On 21 March 1804 there are references in The Times of the sale of Fulham Lodge, a villa which stood in extensive gardens to the south of Fulham Road. Today the school stands in part of those gardens. Fulham Lodge was the home of Miss Eliza Carey, a beautiful actress in her day, and a favourite haunt of Fredrick, Duke of York, son of George III. Fulham Lodge was pulled down in 1847 and various houses built on the land including a new Fulham Lodge which would later be renamed Eridge House. The house was bought by Mr John Glenny, an outfitter with a shop on the Strand, who was the brother of George Glenny who owned the extensive fruit and vegetable nursery in the open fields on the north side of Fulham Road.
The building was then purchased by Mr Fredrick Wright in 1867 and renamed Eridge House. It is not entirely certain why he chose the new name, but the most likely explanation is that the Wrights came from Sussex. There is historical evidence to show they had connections with the High Weald region, where Eridge Rocks is a beautiul area of woodland and sandstone rocks.
Eridge House survived the Blitz in WWII when bombs landed close by along the Fulham Road and around Putney Bridge. Since then it has been both a private residence and, because of its considerable size, an office for a department of Fulham and Hammersmith Council. It was put up for sale in 2001 and purchased by the present owners who converted the building for use as a school.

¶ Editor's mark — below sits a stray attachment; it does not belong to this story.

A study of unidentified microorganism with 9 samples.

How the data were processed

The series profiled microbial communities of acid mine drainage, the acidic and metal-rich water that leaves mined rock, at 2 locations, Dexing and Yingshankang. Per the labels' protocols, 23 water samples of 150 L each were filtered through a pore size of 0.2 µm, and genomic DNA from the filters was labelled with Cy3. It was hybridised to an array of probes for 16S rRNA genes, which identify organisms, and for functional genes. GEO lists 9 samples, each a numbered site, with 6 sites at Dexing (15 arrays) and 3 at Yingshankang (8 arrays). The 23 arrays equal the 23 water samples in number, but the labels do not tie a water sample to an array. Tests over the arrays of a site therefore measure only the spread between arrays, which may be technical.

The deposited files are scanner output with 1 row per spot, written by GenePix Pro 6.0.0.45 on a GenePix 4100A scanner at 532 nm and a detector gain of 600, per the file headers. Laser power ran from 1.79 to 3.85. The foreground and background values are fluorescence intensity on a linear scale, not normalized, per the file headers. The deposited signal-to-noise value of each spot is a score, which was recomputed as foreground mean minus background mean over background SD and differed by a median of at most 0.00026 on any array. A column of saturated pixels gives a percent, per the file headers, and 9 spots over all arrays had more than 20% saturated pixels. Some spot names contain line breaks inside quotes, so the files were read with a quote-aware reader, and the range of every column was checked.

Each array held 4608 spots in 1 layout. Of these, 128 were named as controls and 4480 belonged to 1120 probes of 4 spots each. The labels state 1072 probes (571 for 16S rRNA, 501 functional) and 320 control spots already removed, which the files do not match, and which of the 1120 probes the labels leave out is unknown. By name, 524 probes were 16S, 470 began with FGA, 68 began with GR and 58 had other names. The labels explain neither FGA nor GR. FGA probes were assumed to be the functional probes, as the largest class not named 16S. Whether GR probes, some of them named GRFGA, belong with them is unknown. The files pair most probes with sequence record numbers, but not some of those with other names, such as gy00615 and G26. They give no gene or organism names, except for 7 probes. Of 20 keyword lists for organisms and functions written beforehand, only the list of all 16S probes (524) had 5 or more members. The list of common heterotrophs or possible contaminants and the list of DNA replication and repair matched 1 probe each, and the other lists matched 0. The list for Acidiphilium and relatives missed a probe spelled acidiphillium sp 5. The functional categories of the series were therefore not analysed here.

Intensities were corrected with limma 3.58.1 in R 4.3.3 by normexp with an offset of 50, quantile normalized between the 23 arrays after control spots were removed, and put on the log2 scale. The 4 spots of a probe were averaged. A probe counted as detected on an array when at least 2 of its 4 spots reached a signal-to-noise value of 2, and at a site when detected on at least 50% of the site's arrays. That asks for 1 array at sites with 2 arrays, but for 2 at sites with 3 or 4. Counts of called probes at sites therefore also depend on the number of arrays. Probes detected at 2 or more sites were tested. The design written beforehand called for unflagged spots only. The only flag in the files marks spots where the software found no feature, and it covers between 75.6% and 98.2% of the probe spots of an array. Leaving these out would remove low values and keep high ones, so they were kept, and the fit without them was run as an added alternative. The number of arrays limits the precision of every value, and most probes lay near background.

Eridge House School grew rapidly with extensions to the original building on the north and western facades. New classrooms, a Mac suite and the school hall were added along with new kitchens. The building has considerable outdoor space with mini tennis courts and various playgrounds. It has many old and well-established trees dating back to its garden days. The school changed its name to Parsons Green Prep in 2014, but the name Eridge House can still be seen on the original front gate. Today the school has become one of the leading prep schools in west London.